Seeing the extraordinary in the ordinary
Updated: Apr 29
April 22nd saw the 50th anniversary of Earth Day and although there were millions of us joining the global conversation online, it’s important for the meaningful actions (however small) that make a difference to continue into 2020 and beyond.
We are marking the anniversary as a week (rather than a day) of contemplation - an appreciation of the natural beauty around us. And with Covid-19 reminding us how vulnerable we all are, our immediate surroundings are taking on more significance.
In London, the air is cleaner and skies seem more blue. There are no plane trails marking the horizon and birdsong is loud and clear. I’ve even started researching different bird songs. Morning walks are taking on a whole new meaning, with more time to look down and look up. Little things that make you feel better with a true appreciation of how small we all are in relation to the natural world.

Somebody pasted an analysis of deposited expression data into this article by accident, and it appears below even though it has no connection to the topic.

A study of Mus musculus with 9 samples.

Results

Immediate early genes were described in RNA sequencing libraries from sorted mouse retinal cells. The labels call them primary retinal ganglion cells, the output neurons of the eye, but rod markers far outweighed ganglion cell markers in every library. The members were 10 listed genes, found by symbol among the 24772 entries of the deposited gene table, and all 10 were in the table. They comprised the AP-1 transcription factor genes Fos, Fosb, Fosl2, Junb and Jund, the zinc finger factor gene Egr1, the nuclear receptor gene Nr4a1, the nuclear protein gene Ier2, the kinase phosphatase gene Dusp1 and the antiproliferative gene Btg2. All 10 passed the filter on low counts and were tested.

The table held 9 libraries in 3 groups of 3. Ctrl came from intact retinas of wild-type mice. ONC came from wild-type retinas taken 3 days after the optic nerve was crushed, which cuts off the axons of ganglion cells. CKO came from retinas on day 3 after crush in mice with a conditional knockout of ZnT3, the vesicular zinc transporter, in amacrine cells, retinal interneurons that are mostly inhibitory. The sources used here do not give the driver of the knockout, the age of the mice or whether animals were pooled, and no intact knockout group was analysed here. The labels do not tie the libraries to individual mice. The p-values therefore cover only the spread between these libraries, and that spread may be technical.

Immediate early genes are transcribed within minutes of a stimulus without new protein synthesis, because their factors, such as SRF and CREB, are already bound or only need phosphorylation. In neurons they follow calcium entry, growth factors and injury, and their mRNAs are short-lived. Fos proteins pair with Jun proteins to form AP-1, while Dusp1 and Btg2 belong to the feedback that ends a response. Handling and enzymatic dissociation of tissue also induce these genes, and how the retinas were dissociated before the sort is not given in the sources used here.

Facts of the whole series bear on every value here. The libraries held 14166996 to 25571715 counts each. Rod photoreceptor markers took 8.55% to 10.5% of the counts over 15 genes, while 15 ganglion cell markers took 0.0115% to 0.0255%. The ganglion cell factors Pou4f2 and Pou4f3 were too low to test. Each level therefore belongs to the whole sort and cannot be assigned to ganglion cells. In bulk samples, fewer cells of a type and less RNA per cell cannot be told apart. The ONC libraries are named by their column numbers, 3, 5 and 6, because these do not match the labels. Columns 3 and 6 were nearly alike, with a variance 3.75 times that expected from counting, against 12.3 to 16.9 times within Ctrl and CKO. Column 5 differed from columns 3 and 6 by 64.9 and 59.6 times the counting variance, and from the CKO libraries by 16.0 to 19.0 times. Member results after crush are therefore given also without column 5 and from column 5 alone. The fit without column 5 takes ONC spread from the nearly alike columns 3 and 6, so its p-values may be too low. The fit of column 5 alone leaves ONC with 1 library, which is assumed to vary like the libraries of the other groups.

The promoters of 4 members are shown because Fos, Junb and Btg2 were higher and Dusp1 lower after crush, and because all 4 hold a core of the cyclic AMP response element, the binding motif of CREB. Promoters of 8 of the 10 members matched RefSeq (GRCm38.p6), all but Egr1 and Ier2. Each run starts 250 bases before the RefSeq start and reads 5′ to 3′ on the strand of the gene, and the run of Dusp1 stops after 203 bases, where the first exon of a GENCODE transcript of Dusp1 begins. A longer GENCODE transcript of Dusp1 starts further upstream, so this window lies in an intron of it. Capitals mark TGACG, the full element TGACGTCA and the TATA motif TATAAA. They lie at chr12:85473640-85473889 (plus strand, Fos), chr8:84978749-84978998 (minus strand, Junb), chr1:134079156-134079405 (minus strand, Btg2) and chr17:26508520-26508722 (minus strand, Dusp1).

Everyday I’m collecting one or two of my favourite plants, so that I can draw and paint them. The other day I posted one of the pictures of a particular favourite - a dandelion clock and someone pointed out that “dandelions were rather good value as a plant” - and it’s so true! From flowers that provide a splash of sunshine yellow, they transform into the most intricate of seed structures. And they are everywhere at the moment, from road sides to hedgerows.
I think we are all starting to see the extraordinary in the ordinary and for me, the Earth Day continuum is a reminder of how important the little things are. Albert Einstein summarised it perfectly “Look deep into nature, and then you will understand everything better”. Genius.